The familiar saying goes, “The whole is greater than the sum of its parts.” But for scientists, understanding those smaller parts is critical to scientific discovery. A method known as chromatography-mass spectrometry lets researchers analyze and study the composition of…
Student’s Philanthropy Leads to NSF Fellowship in Mercury Research
Jacqueline Gerson, a graduate student in environmental engineering science in the College of Engineering and Computer Science, has earned a highly competitive graduate fellowship from the National Science Foundation. The award will fund her research on mercury contamination from artisanal gold mining for the next three years. Gerson’s work is inspired by time spent in Senegal, where she spent two and a half years serving as an environment and health volunteer with the Peace Corps.
Artisanal gold mining is a common practice in some developing countries, including Senegal. Because of its value, gold is highly sought after. When it is uncovered, it is processed using mercury, a toxic element that can cause neurological problems. The mercury binds itself to the gold, allowing miners to separate the gold and mercury from the rock and dirt that encases it. Then, often in the same small huts that their families reside in, they burn off the toxic mercury, leaving pure gold. It creates extremely dangerous levels of mercury in the air they breathe and contributes to a global health problem. This activity is the single greatest source of mercury in the atmosphere worldwide.
While in Senegal, Gerson witnessed artisanal gold mining first hand. She says, “I had friends in the Peace Corps living where the mining was taking place—one so close that she had to relocate due to health concerns. When I went to see it for myself, I was shocked by conditions. This is a situation where environmental and health dangers truly intersect. It became clear to me that this is what the focus of my graduate work should be. I sought out Professor Charley Driscoll because of his mercury research and applied to Syracuse University.”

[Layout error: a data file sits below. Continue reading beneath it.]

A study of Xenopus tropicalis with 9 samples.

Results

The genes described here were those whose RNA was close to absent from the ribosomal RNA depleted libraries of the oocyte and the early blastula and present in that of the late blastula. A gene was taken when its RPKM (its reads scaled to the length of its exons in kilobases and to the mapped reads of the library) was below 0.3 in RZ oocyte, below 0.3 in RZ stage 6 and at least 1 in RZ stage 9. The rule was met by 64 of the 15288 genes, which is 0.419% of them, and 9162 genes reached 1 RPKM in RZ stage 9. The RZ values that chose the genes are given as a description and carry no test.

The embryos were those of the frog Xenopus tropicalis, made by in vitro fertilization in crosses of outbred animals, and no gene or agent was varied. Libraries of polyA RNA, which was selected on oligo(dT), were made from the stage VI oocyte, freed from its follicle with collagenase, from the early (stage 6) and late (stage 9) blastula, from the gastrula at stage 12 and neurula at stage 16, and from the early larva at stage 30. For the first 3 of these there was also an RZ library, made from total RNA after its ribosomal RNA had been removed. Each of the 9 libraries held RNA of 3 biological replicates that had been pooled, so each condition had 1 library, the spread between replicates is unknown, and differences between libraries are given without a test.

Gerson’s research will focus on the effects of mercury on the environment in close proximity to the mining in Senegal. She wants to understand what is happening in the country’s streams and soils, and by proxy, the health of the villagers. By being present in the environment, mercury finds its way into the food chain through bioaccumulation. In Senegal, the population consumes a lot of fish, so if it’s in the water, it’s also in the food supply. Contamination in the environment has been largely unexplored in Africa, and never in Senegal.
Gerson hopes her research at the College of Engineering and Computer Science adds to the world’s pool of knowledge on mercury and aids in the strategies the UN intends to implement to address artisanal gold mining.
She says, “I’ve always been interested in chemistry and applied science research. As an avid hiker and camper, I’m also passionate about preserving the environment. My mission is to use science to help protect the environmental systems that I love. I’m also motivated by the fact that my work can be used to help people in developing countries like Senegal. It’s an extension of the work I did as a Peace Corps volunteer.”